Yesterday evening, I took SillyBilly to a little holiday party at a friend’s house. This lovely woman invites people with young children from the local anthroposophical community to her home to sing carols, have a little potluck, and see her magnificent Christmas tree. She decorates her tree with the symbols Steiner described, real red roses and apples, and real candles, with a smattering of straw stars. It’s truly magical.
Unfortunately, Napoleona had a cold, so Anthropapa stayed home with her and it was just me and the boy. Also unfortunately, SillyBilly was really starving and we didn’t eat until after the tree lighting and carol singing were done. If I had known, we would have nibbled something on our way over.
Needless to say, he started to behave, shall we say, not so politely, until we could get some food into the growing boy’s cavernous, echoing stomach.
As we were walking home in the dark, looking up at the stars, I decided to tell SillyBilly how I felt about his behavior. Trying to do a little NVC, you see, sharing my feelings.
I said something like, “when you yell at me and act rudely in front of our friends, it’s embarrassing!” (This doesn’t quite pass NVC muster: I really should have said something more like “when you yell at me, I feel angry, because I want you to respect me.” But of course then he would have asked me what respect means, and then we’d be off on another conversation!)
He responded, “What does embarrassing mean, Mama?”
How do I explain that?
“All the other kids were sitting quietly while you were yelling.” Nope, don’t really want to go the lemming route.
“I’m worried that people will think I’m a bad parent because you act that way.” Strike two! No way this is going to make sense to him, and in any case it’s something I’m just making up in my own head. More likely people are thinking that he’s probably hungry, or going through a stage, or something similar to what they’ve experienced themselves. Or other thoughts that I could never guess. And let’s not even talk about why I would want him to start caring what other people might think, when he’s only five years old.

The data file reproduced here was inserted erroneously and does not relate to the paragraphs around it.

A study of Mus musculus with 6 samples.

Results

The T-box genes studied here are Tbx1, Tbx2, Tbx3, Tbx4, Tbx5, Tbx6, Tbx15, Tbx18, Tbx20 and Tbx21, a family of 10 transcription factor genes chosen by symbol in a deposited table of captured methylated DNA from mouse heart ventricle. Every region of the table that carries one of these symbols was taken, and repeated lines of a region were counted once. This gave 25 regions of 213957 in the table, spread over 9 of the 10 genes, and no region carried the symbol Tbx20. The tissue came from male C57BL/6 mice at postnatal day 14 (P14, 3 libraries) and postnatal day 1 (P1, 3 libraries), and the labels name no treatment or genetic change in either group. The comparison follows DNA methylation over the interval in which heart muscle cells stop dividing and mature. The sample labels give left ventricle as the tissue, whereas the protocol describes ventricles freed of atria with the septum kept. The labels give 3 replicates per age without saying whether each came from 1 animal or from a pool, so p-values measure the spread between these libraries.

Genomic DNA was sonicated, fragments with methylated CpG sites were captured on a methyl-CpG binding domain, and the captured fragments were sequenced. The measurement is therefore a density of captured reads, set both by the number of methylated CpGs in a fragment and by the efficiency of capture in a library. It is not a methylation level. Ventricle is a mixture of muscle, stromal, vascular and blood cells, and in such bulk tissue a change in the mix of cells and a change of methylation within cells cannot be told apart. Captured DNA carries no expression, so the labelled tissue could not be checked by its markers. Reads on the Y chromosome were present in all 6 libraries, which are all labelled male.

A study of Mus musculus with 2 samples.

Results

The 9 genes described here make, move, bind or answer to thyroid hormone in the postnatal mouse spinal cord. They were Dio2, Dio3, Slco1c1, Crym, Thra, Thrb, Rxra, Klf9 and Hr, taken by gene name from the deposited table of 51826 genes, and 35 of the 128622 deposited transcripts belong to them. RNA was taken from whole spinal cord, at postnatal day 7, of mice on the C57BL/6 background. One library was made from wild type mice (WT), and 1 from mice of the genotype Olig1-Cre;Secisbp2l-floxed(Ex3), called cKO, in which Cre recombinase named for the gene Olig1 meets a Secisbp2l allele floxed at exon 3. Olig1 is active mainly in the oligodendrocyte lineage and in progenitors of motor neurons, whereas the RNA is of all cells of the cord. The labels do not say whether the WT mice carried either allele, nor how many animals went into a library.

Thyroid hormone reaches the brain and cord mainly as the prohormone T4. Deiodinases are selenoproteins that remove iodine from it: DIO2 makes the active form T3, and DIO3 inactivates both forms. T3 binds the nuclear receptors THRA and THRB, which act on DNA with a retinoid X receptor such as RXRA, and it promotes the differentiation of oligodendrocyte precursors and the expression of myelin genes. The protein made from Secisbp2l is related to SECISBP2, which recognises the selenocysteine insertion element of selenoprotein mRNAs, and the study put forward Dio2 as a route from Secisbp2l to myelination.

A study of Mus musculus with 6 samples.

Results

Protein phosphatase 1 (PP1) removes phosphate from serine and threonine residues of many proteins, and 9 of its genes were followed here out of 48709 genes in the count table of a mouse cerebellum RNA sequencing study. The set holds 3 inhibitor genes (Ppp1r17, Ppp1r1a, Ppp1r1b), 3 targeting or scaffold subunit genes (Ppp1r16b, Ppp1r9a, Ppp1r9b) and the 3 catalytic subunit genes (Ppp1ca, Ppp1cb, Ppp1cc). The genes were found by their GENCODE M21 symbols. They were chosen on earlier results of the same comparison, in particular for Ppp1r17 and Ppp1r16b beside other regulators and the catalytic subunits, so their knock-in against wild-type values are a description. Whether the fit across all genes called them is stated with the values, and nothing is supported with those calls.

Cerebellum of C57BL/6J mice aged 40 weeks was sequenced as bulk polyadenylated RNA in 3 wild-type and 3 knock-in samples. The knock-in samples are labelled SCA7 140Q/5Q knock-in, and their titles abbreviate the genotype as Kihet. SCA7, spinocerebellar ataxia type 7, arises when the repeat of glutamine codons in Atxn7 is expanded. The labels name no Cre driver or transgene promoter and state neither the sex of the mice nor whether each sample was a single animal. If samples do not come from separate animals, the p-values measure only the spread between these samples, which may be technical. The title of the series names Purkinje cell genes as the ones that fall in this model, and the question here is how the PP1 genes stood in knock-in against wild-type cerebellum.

I let the conversation die out, mumbling something about please don’t yell at me, we use our kind words and voices, etc. etc.
Now, from the comfort of my computer desk, I wonder what embarrassment is really all about.
Merriam Webster tells me, among other things, that to embarrass is “to cause to experience a state of self-conscious distress: abash,” and for abash, “to destroy the self-possession of, confuse or put to shame (as by arousing suddenly a feeling of guilt or inferiority).”
So, I was feeling self-conscious, confused, ashamed, guilty, or inferior?
Well, let me see…
Self-conscious? Check. Everyone was looking at us.
Confused? Not so much. I knew he was hungry and perhaps a little overstimulated.
Ashamed? Ooh, that’s a tough one. MW says it’s “feeling shame: humiliated or disconcerted by feelings of guilt, disgrace, or impropriety about something discreditable or indecorous.” OK, humiliated–not that much; disconcerted by feelings of disgrace or impropriety–yes. Feeling he was being discreditable or indecorous–yes.
Guilty? I could say that I felt guilty for somehow allowing him to be “out of control” and disturbing the party. But that just makes me wonder why I think I have to control him in the first place.
Inferior? Definitely–in the face of all the other serene Waldorf parents and kids, I felt like a complete slacker anthro mother.
So, I’m seeing that I need to find another way to talk to him about how he acts in public that doesn’t throw all of my feelings of parental inferiority on his shoulders. I can see quite clearly (and did at the time) that he was simply unable to be much “better” given his physical needs at the time. I can also see quite clearly that the source of my embarrassment was completely internal.
From what I’ve been told and what I remember, I was always a “good girl.” I learned how to act in public at a young age, and I wasn’t a very outgoing person in any case. SillyBilly is extremely outgoing, and really does fine in public in general. (We spent several hours gallivanting around town today and he was an angel.) And I’m still fairly introverted in some respects (evidently I’m an ISTJ according to a recent online test I took), so it’s sometimes hard for me to relate to him on that level.
The other challenge is that with NVC, there’s a lot of talking. With Waldorf early childhood methods, there’s not so much talking. How to balance them? I could still do the self-observation and self-empathy, but not go into the whole dialogue with the kids. But then, how do I get my needs met? Do I just have to wait for my needs to be met when they’re older and not in the self-centered petty tyrant stage? How do I wait that long?